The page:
Soldiers from the 101st Airborne Division escort the Little Rock Nine students into the all-white Central High School in Little Rock, Ark, 1957. (Photo Courtesy of National Archives)

Q: Sixty years ago this week, President Dwight Eisenhower - the state's favorite son - sent federal troops to Little Rock, Arkansas, to enforce school desegregation. These weren't just any federal troops, they were elite army soldiers from a famous division. Name the division.

A: The 101st Airborne Division
Orval Faubus, the Democratic governor of Arkansas, was a segregationist who wanted to keep black school children out of Little Rock's all-white schools. He even positioned the Arkansas National Guard at the entrance to Little Rock's Central High School to prevent nine black children - the so-called "Little Rock Nine" - from entering. Faubus took this action despite the fact that the U.S. Supreme Court had ruled three years earlier that segregation was unconstitutional.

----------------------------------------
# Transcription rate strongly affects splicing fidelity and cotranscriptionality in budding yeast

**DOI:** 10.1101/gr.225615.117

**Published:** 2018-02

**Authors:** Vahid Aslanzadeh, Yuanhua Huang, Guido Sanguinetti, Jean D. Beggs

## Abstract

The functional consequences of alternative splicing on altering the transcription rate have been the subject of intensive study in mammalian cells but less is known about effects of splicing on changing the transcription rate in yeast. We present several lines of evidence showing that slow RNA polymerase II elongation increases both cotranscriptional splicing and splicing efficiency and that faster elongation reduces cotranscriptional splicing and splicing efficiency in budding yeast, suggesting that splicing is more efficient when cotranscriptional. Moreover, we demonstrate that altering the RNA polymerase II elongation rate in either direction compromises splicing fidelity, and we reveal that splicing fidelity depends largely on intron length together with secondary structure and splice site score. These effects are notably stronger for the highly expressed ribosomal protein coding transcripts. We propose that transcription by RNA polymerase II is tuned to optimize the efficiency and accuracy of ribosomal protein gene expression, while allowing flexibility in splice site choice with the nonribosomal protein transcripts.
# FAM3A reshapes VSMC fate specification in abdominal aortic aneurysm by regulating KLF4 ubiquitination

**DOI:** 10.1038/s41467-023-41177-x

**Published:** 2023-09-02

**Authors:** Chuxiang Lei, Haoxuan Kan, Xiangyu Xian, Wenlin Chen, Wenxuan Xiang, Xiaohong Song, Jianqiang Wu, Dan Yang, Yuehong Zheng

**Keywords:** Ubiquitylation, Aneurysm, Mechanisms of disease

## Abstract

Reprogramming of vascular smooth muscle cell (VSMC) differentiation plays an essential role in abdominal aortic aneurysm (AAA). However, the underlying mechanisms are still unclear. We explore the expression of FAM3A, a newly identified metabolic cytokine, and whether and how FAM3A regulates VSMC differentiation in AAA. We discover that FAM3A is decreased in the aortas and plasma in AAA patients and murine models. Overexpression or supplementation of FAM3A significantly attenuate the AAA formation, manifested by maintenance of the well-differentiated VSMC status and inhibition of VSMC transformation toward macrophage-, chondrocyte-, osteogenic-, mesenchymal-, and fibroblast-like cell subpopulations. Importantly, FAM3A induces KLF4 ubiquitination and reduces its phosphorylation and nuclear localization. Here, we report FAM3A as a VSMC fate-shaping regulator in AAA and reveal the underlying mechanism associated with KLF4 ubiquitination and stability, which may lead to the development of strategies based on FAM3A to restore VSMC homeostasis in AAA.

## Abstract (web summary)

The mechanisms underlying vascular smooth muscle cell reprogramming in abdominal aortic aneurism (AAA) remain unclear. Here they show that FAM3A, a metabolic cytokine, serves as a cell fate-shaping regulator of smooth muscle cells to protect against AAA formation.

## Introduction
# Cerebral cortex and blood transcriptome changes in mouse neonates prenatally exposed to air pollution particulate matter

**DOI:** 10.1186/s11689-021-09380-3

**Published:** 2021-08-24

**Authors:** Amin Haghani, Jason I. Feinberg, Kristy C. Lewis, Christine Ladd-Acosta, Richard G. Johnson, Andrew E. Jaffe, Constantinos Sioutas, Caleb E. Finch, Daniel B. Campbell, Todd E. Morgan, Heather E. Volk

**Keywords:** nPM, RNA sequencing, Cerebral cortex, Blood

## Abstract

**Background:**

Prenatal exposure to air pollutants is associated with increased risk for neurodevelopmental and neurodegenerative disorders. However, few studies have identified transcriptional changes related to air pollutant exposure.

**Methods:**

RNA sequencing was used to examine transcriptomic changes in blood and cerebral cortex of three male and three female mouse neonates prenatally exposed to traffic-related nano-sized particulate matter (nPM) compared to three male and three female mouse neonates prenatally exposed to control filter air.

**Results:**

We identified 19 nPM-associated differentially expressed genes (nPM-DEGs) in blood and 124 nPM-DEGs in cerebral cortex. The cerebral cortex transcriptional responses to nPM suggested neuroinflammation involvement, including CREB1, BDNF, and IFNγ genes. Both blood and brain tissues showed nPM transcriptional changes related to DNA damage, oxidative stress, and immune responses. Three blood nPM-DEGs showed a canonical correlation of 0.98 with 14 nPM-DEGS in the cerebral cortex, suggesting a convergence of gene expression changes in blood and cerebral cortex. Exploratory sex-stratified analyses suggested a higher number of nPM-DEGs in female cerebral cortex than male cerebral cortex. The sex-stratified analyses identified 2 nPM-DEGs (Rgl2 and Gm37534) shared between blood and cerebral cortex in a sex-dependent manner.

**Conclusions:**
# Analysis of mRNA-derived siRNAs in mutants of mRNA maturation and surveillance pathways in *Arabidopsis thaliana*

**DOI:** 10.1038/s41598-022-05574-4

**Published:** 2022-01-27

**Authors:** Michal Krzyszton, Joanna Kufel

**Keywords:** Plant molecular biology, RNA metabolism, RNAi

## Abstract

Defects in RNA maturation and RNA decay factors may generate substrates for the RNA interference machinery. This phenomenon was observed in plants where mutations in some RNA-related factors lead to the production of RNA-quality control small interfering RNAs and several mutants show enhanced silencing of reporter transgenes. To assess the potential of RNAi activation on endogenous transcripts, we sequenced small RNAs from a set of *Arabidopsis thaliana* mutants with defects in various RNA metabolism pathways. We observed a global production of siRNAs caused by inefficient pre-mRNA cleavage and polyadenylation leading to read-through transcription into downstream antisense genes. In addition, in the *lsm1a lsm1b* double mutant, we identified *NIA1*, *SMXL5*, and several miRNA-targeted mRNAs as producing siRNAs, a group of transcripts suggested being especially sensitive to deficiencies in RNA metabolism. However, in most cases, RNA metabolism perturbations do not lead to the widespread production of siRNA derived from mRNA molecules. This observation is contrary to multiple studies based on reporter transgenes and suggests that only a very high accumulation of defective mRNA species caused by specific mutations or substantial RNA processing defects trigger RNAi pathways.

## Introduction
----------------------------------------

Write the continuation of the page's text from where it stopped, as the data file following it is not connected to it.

President Dwight Eisenhower (who grew up in Abilene, Kansas!), tried to reason with Governor Faubus in person and thought he had secured the governor's promise that the "Little Rock Nine" would be allowed to attend school. But that didn't happen. And Ike got angry. So, he signed Executive Order 10730, which resulted in sending federal troops to Little Rock to enforce the Supreme Court's order for schools to desegregate. But Eisenhower didn't just send any federal troops. He sent 1,000 soldiers from the army's 101st Airborne Division, an elite paratrooper unit that had become famous for fighting Nazis in World War II. Ike also federalized the Arkansas National Guard, effectively removing those soldiers from the governor's control.  
The "Little Rock Nine" were finally allowed to attend the previously all-white school. The 101st Airborne remained for eight weeks. Ike's action didn't end racism in Arkansas. The "Little Rock Nine" were still harassed and taunted by other kids. But Ike's action did mark the beginning of the end for segregation in the Deep South.